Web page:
Highlights of Community Engagement
How serious is our commitment to community engagement and social responsibility? Read on.
In 1969, during a time of racial unrest and under pressure from students, Marquette established the Educational Opportunity Program. This documentary, produced to commemorate the program's 45th anniversary, chronicles the battle for college access for low-income, first-generation students. From its humble beginnings in Milwaukee then to its influence on a national level, now this pioneering program has changed the lives of thousands. National leaders from TRIO cut their teeth at Marquette.
The Marquette University Center for Peacemaking operates at the intersection of thought and action. Informed by the Jesuit mission of reconciliation and working for peace, the Center for Peacemaking fosters research and action for the promotion of social justice, human dignity and peace.
As the only academic center at a Catholic university that explicitly focuses on exploring the power of nonviolence, our programs bring together students, faculty and the wider community to achieve three main objectives: formation, scholarship, and community peacemaking.
What started as a spring break trip to Honduras in 2003 is now the nonprofit Global Brigades, the world’s largest student-led global health and sustainable development organization, serving the poorest of the poor in Honduras, Panama and Ghana.
The numbers speak to the power of Global Brigades. Not even 10 years after that first ad-hoc trip, some 12,500 student volunteers have served 300,000 people. More than 350 Global Brigade chapters have sprung up at universities across the U.S., Canada and Europe, and they bustle with some 5,500 undergraduates trekking to remote villages halfway around the globe annually to work in nine specialty areas: medical, dental, public health, water, business, micro-finance, law, environmental and architecture.
In 1989, Hunger Clean-up began as students' modest effort to combat hunger and homelessness in Milwaukee. Twenty-six years later, Hunger Clean-up has grown to be Marquette’s largest day of service, bringing together nearly 1600 volunteers to serve at 45 sites and provided $9,500 in grants to local nonprofits. This stage is set by a dedicated team of student leaders committed to service who work in the fall and spring to mobilize their peers while increasing awareness, support and resources for local programs addressing issues of poverty. Hunger Clean-up has served the Milwaukee community for over 25 years.
One of the most popular immersion experiences on campus, the Les Aspin Center for Government, celebrated 25 years of giving students the chance to live and work in the nation’s capital. More than 2,000 students have experienced the political process first hand in congressional, executive branch, nonprofit, corporate and journalistic offices.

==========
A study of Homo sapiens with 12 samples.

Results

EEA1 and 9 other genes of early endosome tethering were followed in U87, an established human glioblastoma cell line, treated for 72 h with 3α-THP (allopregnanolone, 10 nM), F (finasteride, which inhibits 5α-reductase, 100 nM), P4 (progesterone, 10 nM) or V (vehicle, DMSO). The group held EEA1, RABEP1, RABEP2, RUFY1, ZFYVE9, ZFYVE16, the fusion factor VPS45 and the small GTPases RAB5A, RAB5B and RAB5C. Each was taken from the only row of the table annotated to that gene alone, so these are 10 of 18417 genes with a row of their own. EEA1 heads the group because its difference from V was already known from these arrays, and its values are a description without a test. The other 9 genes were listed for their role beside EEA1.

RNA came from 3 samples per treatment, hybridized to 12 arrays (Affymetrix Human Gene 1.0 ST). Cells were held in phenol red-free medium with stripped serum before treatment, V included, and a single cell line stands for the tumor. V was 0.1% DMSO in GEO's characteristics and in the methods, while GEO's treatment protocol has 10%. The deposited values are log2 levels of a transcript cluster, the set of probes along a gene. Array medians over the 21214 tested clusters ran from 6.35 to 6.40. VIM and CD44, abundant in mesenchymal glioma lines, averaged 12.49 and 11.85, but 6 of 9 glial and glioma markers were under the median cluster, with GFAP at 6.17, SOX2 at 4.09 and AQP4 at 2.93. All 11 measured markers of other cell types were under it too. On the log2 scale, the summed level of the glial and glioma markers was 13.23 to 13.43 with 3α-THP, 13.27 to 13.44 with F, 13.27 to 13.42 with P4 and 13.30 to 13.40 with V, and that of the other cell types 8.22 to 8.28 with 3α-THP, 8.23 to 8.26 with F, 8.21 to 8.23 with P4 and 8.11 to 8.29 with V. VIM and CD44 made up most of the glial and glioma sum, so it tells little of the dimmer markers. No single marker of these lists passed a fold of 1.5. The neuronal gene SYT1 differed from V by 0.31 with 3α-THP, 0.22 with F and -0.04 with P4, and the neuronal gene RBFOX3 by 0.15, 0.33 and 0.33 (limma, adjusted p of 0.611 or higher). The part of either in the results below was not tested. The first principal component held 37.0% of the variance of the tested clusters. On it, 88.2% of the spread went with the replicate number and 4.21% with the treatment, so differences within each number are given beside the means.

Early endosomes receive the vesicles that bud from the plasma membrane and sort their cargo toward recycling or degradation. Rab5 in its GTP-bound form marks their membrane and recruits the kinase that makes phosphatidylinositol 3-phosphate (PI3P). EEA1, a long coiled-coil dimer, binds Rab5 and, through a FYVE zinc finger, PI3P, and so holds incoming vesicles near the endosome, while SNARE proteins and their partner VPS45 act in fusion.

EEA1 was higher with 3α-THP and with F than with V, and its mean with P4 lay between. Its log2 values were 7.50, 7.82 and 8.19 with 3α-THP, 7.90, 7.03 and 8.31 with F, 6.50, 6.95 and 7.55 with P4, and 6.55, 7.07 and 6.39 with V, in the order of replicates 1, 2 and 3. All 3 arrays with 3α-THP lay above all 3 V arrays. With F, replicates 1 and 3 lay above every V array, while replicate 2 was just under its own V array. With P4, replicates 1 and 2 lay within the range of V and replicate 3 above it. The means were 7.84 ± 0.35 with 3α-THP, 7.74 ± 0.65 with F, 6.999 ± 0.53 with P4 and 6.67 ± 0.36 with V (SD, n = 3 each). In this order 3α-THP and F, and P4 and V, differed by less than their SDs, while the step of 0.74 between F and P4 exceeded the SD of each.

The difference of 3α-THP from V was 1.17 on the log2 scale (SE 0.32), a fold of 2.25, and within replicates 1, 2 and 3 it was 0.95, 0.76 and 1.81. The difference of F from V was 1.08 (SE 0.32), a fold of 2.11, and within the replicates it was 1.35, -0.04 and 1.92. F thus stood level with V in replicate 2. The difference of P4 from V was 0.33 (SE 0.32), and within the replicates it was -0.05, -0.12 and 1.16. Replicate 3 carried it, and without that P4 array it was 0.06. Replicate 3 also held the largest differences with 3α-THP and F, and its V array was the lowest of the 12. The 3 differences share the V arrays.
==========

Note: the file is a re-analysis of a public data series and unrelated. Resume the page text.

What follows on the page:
Following in the Jesuit tradition of faithful service, the Service Learning Program at Marquette facilitates student academic learning through meaningful service experiences, which encourage and enable Marquette's faculty and students to positively impact the community. The Service Learning Program seeks to bring campus and community together in partnership to share resources, meet real community needs and help to educate women and men to become the change agents of tomorrow.
Marquette’s Catholic, Jesuit identity calls members of the campus community to Be the Difference, to be men and women for others. These fundamental characteristics and traits align with social innovation and social entrepreneurship, attacking root causes of social problems with sustainable models that increase human capability. The Social Innovation Initiative is an ongoing exploration of a fit for social innovation at Marquette, including bundled offerings of speakers, residencies, learning activities, course work, celebrations and community engagements.
Marquette is especially pleased to be recognized as a "changemaker campus," a distinction enjoyed by few university campuses nationally through a selective partnership with Ashoka: Innovators for the Public, the largest global organization for social entrepreneurs. Marquette was selected with Duke University and Arizona State University in August, 2010, joining George Mason University, University of Maryland and Tulane University, among others.
In 2006, Marquette introduced the Urban Scholars program, which offers up to 10 annual, full-tuition renewable scholarships to economically disadvantaged students. Rooted in Marquette's tradition of increasing access to higher education, the scholarship program renews our emphasis on being inclusive and modeling a more diverse community.